Does this test have other names?
AST, aspartate aminotransferase, serum glutamic oxaloacetic transaminase test, SGOT
What is this test?
This blood test is used to diagnose liver damage. Aspartate transaminase (AST) is
an enzyme that is released when your liver or muscles are damaged. Although AST is
found mainly in your liver and heart, AST can also be found in small amounts in other
Why do I need this test?
You may need this test if your healthcare provider believes that your liver is damaged.
You might have this test if you have these symptoms related to liver disease:
Light or clay-colored stool
Yellowing of the skin or eyes (jaundice)
Nausea and vomiting
Lack of appetite or weight loss
Weakness or tiredness (fatigue)
Swelling or pain in the belly
You may also have this test if you have a family history of liver illness or drink
an abnormally large amount of alcohol. You may also have this test if you have a condition
such as diabetes that may cause liver problems or if you take medicines that can affect
What other tests might I have along with this test?
You may also need the alanine aminotransferase (ALT) test. It's commonly used along
with the AST test to look at your liver's function. ALT is an enzyme found in the
liver. High levels of ALT can mean hepatitis. Other tests that check liver function
are alkaline phosphatase, gamma-glutamyl transpeptidase (GGT), and total bilirubin.
What do my test results mean?
Test results may vary depending on your age, gender, health history, the method used
for the test, and other things. Your test results may not mean you have a problem.
Ask your healthcare provider what your test results mean for you.
Results are given in units per liter (units/L). Normal ranges for AST are:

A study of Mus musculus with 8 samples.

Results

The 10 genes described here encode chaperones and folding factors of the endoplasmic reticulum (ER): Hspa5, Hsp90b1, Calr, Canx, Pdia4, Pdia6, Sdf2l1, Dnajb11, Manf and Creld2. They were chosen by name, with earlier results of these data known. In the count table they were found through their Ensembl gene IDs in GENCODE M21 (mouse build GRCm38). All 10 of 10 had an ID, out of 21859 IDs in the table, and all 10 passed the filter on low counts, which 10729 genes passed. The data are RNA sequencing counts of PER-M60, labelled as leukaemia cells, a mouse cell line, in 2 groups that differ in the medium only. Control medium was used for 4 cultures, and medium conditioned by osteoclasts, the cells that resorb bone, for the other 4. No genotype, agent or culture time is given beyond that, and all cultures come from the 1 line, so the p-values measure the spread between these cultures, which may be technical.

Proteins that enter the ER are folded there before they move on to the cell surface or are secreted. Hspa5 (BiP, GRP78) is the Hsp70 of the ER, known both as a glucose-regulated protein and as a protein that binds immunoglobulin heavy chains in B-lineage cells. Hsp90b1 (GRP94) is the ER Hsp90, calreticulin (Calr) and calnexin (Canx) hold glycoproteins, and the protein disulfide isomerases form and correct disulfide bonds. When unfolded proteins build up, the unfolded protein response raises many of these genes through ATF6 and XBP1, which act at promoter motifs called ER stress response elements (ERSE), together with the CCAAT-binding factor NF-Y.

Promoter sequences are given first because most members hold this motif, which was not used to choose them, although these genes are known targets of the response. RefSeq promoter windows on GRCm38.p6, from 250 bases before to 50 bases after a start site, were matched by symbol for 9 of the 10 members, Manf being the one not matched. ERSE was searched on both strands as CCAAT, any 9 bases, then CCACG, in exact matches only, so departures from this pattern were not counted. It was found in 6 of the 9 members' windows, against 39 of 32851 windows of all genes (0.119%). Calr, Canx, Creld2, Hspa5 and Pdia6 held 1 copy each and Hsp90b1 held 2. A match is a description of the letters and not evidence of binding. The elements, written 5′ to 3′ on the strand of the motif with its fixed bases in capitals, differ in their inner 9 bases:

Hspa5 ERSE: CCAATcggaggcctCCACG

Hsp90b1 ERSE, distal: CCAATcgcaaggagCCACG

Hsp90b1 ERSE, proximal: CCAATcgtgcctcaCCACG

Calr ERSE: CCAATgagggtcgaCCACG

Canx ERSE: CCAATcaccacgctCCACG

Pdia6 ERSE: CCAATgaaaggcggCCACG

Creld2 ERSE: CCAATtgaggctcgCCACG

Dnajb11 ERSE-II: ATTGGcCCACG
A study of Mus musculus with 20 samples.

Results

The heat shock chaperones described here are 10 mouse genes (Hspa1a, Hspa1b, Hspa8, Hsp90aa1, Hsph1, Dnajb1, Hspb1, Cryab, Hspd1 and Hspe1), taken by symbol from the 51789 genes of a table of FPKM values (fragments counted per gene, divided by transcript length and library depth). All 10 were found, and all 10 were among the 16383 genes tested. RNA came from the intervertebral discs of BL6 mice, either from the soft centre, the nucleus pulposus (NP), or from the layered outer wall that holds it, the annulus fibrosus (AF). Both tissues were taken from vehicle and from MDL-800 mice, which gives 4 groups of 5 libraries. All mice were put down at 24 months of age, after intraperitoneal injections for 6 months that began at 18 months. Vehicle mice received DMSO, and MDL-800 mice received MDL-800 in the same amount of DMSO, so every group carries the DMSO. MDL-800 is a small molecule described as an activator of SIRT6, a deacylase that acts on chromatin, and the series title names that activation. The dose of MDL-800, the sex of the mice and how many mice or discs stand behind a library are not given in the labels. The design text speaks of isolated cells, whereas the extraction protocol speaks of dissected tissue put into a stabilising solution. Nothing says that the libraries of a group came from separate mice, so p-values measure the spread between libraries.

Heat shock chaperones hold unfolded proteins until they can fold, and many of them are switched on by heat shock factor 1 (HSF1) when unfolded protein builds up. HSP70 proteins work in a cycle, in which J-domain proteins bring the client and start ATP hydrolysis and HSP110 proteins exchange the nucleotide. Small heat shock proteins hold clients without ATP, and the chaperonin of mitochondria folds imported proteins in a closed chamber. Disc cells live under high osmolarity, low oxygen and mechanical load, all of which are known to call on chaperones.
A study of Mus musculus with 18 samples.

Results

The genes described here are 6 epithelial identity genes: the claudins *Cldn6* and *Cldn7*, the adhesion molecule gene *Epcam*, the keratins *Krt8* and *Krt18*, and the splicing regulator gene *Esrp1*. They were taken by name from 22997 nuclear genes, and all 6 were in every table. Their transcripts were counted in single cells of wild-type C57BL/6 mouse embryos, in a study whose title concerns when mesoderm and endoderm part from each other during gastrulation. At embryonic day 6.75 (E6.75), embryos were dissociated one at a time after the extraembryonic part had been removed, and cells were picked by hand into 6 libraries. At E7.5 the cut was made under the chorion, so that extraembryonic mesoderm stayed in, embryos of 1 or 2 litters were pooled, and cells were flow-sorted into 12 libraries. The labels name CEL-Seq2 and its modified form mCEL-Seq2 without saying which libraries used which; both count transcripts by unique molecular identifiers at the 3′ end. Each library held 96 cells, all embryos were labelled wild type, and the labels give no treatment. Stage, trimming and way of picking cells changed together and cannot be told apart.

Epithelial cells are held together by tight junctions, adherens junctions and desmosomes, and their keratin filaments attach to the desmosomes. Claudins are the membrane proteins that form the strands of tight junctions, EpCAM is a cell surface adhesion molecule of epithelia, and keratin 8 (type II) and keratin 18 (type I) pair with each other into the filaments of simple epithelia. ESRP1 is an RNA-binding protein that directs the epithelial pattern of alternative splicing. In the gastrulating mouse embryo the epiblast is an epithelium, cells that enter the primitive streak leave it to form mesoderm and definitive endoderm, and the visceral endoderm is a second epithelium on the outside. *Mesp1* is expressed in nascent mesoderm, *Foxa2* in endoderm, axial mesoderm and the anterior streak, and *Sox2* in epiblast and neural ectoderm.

Men: 10 to 40 units/L
Women: 9 to 32 units/L
Women tend to have slightly lower levels than men. Older adults tend to have slightly
higher levels than the normal range for adults.
If you have abnormally high levels of AST, you might have:
Extremely high levels of AST may mean you have a disease such as viral hepatitis,
liver injury from medicines or toxins, or "shock liver." Shock liver is widespread
liver damage caused by lack of oxygen or not enough blood supply.
How is this test done?
The test is done with a blood sample. A needle is used to draw blood from a vein in
your arm or hand.
Does this test pose any risks?
Having a blood test with a needle carries some risks. These include bleeding, infection,
bruising, and feeling lightheaded. When the needle pricks your arm or hand, you may
feel a slight sting or pain. Afterward, the site may be sore.
What might affect my test results?
Test results may be falsely lower if you have diabetic ketoacidosis or severe liver
disease. Many medicines may also affect the results.
How do I get ready for this test?
You don't need to prepare for this test. Tell your healthcare provider about all medicines,
herbs, vitamins, and supplements you are taking. This includes medicines that don't
need a prescription and any illegal drugs you may use.